Positivity Remains a Trending Topic
On Instagram, #positivevibes has been posted nearly 56 million times, with #positivity coming in at more than 27 million. Based on information provided by Google Trends, the search for "coronavirus positive quotes" reached 100% peak interest after quarantine began. It is definitely true that sharing encouraging words with both friends and strangers promotes engagement and leads to more followers. For those positive folks who are in the industry of building a social media presence, business is booming.
Humans Are Drawn to Positive Quotes and Affirmations
Psychologist and motivation expert Jonathan Fader, Ph.D., says good positive quotes about life have "a little bit of implicit coaching," as they’re building the "self-efficacy in that kind of dialogue that you're having with yourself." Not only are people drawn to positive affirmations for self-fulfilling motivation, but the words themselves have a fascinating cognitive result.
Ward Farnsworth, Dean of the University of Texas School of Law and author of Farnsworth's Classical English Rhetoric, claims we have an "appetite for well-expressed wisdom, motivational or otherwise." Humans are aspirational creatures, and as media psychology expert Scott Sobel notes, the most encouraging quotes from respected leaders "affect us on a primal level." People are drawn to word usage, structure and arrangement, but perceptions of public figures work to make the quotes even more powerful.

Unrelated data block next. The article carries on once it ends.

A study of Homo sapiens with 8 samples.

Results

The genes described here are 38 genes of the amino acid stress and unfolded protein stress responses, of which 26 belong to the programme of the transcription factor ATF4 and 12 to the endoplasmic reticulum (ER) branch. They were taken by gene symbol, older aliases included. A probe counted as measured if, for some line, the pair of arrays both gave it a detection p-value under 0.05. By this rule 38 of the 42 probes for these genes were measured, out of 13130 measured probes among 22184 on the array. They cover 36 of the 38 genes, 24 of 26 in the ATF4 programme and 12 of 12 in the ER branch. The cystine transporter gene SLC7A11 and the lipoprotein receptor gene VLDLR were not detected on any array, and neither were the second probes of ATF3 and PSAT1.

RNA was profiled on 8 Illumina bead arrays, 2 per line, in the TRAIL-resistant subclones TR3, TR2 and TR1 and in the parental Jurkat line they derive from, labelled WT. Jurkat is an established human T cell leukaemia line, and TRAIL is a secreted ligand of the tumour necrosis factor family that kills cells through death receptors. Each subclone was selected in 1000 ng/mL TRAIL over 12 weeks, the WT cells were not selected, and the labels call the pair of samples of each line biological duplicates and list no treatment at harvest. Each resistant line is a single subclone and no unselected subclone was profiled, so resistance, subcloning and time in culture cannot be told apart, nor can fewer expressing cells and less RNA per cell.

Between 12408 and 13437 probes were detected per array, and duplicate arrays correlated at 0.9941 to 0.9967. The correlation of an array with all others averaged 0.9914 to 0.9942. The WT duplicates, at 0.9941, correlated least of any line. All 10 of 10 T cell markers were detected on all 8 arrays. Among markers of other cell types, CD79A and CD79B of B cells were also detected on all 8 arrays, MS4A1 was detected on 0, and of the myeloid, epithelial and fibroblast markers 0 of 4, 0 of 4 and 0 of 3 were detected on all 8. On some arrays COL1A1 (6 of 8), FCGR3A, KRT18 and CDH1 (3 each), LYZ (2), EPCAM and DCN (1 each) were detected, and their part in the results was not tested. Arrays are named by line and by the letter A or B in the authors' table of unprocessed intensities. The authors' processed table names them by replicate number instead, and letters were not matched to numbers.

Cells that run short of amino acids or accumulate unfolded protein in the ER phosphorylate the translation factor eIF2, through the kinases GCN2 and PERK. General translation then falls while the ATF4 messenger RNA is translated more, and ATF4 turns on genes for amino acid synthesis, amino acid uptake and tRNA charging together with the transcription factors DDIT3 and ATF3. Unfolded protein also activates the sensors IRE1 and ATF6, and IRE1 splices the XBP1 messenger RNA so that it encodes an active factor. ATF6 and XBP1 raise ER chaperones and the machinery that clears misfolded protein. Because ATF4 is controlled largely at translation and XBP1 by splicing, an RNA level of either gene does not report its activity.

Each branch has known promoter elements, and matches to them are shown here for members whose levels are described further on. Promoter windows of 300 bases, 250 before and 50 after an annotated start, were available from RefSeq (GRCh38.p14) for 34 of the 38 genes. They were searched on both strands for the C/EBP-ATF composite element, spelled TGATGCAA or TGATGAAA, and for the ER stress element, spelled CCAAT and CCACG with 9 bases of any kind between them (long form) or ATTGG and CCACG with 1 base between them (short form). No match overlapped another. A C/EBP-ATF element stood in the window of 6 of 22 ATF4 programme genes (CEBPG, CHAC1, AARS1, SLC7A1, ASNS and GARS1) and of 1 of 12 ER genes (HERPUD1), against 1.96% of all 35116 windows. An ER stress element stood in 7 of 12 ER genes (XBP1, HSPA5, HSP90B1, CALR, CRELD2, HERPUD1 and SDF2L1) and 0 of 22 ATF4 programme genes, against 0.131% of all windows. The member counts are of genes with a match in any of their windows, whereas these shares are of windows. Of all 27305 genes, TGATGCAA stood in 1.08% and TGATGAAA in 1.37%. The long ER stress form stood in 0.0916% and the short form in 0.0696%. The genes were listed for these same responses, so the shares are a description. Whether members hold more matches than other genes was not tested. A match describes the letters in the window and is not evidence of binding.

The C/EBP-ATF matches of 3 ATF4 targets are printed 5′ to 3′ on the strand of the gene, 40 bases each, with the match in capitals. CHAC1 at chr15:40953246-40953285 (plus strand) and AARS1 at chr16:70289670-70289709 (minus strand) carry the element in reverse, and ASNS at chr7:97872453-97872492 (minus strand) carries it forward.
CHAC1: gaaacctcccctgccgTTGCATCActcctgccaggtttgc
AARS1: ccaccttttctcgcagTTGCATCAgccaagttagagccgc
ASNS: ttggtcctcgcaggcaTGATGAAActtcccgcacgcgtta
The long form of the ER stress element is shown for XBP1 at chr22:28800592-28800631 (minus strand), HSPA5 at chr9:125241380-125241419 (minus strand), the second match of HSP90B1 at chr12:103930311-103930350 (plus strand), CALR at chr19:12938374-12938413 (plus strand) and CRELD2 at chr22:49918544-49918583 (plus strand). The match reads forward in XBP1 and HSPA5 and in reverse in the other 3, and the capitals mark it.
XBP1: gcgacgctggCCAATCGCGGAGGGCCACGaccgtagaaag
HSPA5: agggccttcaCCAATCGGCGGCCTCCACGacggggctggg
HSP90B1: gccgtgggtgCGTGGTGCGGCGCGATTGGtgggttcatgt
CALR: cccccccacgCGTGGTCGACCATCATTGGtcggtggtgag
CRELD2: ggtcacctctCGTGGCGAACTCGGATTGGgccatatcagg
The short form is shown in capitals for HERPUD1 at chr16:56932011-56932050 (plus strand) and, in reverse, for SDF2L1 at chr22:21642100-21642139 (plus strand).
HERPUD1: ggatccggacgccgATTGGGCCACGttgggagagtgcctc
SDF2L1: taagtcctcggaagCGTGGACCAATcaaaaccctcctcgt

Scientists Study the Effects of Positive Content
The combination of inspirational and emotionally compelling words and graphics plays a direct role in our psyche from day to day. Andrew Newberg, M.D., and Mark Robert Waldman co-authored Words Can Change Your Brain, a book that claims "a single word has the power to influence the expression of genes that regulate physical and emotional stress," according to PsycheCentral. The article also states that words like "peace" and "love" enhance the frontal lobes to "propel the motivational centers of the brain into action." On the other hand, hostile words disrupt the production of neurochemicals that prevent stress and anxiety.
Negativity Also Has an Effect on Neural Pathways
We have a choice when it comes to the content we consume each day, but our desire for aspiration could lead us down the wrong path. Focusing on negative words may cause negative self-talk, and negative words spoken, heard, read or even just thought can cause stress and affect our long-term mental health. Anyone who feeds their minds with positivity and joy to boost their happiness could just as quickly suffer from depression after viewing malicious content.